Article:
Crime

Suspect grabbed York Co. police gun before deputy shot, killed him, prosecutor says

One dead in York Co. officer-involved shooting

A man was shot and killed by a York County deputy at around 4 a.m. Friday morning on Old Limestone Road north of York, police said. Police responded to a report of a civil disturbance, York County Sheriff’s Office spokesman Trent Faris said.

Prosecutors have cleared a York County deputy who fatally shot a York man in December after the suspect grabbed a police assault rifle inside a patrol car, prosecutors said.

Deputy Gary Pence of the York County Sheriff’s Office shot Trenton Lonnie Fondren in the Dec. 1 incident on Old Limestone Road, authorities said.

Pence was trying to take Fondren into custody in the early morning hours. Fondren went into his patrol car and was grabbing the rifle when Pence fatally shot him, said Kevin Brackett, 16th Circuit Solicitor.

The incident, around 4 a.m. Dec. 1, took just 20 seconds, and the shooting itself about three seconds, Brackett said. Pence was justified in using deadly force, Brackett told The Herald.

“Deputy Pence was placed in an untenable position by the actions of Mr. Findren, and was left with no choice but to use deadly force to eliminate the clear threat he (Fondren) posed when he (Fondren) commandeered a patrol car equipped with an assault rifle,” Brackett said Tuesday.

Brackett told The Herald Tuesday morning he had spoken to Fondren’s family Monday and explained that no charges would be filed against Pence.

“The family understood the decision we made and why we made it,” Brackett told The Herald.

The State Law Enforcement Division investigated because a deputy was involved in the shooting.

The incident started when Fondren, 33, who was accused of being intoxicated and armed with a knife, was threatening his mother, police and prosecutors said.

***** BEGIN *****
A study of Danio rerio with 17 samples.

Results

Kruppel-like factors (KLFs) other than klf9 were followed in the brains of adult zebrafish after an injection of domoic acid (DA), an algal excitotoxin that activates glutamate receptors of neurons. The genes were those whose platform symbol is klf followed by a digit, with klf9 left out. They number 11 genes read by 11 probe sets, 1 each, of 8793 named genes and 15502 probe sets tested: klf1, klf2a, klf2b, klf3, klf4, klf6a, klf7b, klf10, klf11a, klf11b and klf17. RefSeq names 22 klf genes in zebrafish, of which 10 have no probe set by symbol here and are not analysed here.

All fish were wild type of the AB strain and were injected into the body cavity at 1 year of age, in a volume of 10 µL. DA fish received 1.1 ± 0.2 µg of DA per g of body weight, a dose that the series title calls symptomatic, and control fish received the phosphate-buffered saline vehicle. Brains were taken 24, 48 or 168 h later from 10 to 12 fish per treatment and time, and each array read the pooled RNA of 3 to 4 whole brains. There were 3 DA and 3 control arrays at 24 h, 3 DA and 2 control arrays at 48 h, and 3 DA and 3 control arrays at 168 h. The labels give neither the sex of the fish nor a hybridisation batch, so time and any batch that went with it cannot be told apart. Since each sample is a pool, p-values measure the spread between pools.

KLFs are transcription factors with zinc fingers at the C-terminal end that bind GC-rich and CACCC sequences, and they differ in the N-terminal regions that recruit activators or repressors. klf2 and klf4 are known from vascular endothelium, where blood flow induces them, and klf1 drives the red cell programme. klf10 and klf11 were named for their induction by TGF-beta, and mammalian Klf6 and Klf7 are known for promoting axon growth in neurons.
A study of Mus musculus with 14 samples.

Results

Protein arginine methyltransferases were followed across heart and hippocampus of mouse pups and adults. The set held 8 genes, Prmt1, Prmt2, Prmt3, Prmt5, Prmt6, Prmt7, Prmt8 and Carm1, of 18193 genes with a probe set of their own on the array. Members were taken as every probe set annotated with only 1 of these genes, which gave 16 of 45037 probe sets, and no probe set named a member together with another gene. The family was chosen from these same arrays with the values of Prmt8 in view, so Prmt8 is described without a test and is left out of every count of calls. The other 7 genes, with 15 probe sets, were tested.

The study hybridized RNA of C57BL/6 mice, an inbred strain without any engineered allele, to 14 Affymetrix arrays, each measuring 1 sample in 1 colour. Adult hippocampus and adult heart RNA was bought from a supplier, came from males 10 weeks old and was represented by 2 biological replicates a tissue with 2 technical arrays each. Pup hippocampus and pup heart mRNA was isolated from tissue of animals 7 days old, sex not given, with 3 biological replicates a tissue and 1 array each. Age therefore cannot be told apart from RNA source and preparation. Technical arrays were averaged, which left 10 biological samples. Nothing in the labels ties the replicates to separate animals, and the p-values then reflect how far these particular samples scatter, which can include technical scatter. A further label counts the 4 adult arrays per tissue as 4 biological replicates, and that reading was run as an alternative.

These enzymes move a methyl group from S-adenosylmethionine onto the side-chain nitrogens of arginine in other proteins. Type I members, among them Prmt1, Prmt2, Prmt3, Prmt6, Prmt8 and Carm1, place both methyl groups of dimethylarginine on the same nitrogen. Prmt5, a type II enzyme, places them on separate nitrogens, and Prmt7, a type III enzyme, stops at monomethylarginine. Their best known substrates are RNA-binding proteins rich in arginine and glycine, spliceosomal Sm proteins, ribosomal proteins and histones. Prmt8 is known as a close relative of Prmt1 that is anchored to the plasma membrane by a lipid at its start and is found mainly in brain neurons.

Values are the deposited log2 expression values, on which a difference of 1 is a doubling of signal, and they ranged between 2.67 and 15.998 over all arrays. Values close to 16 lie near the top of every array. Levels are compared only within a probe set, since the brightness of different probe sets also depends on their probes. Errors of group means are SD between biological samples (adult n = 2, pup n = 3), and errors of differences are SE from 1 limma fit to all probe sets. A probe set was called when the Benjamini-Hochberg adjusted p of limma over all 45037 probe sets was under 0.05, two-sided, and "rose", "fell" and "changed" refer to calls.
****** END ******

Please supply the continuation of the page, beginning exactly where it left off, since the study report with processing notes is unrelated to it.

Pence, the first deputy to respond, found Fondren walking in the road near the home with a knife in his hand, authorities said.

The area was very dark and had limited visibility, Brackett said

Pence got out of his patrol car and pulled his handgun while ordering Fondren to drop the knife and surrender; Fondren refused, according to the SLED investigation.

Fondren continued to approach Pence in an aggressive manner as Pence told Fondren that “he would have to shoot Fondren” if he did not stop advancing toward Pence, Brackett said.

Pence, who has served since 2016, backed up to keep what Brackett called a “safe distance” between himself and Fondren.

Fondren then got in the patrol car through the open driver side door, Brackett said.

The assault rifle was between the seats; it later was found to have Fondren’s DNA on it where he grabbed it, Brackett said.

The discovery Fondren’s DNA on the gun showed that he was “attempting to deploy the rifle,” Brackett said.

“At this point, Deputy Pence shot and killed Mr. Fondren with his handgun,” Brackett said.

Earlier this month, Brackett cleared two Rock Hill Police Department officers who wounded a domestic violence suspect on Thanksgiving Day. Brackett said the suspect had pointed a weapon at the officers.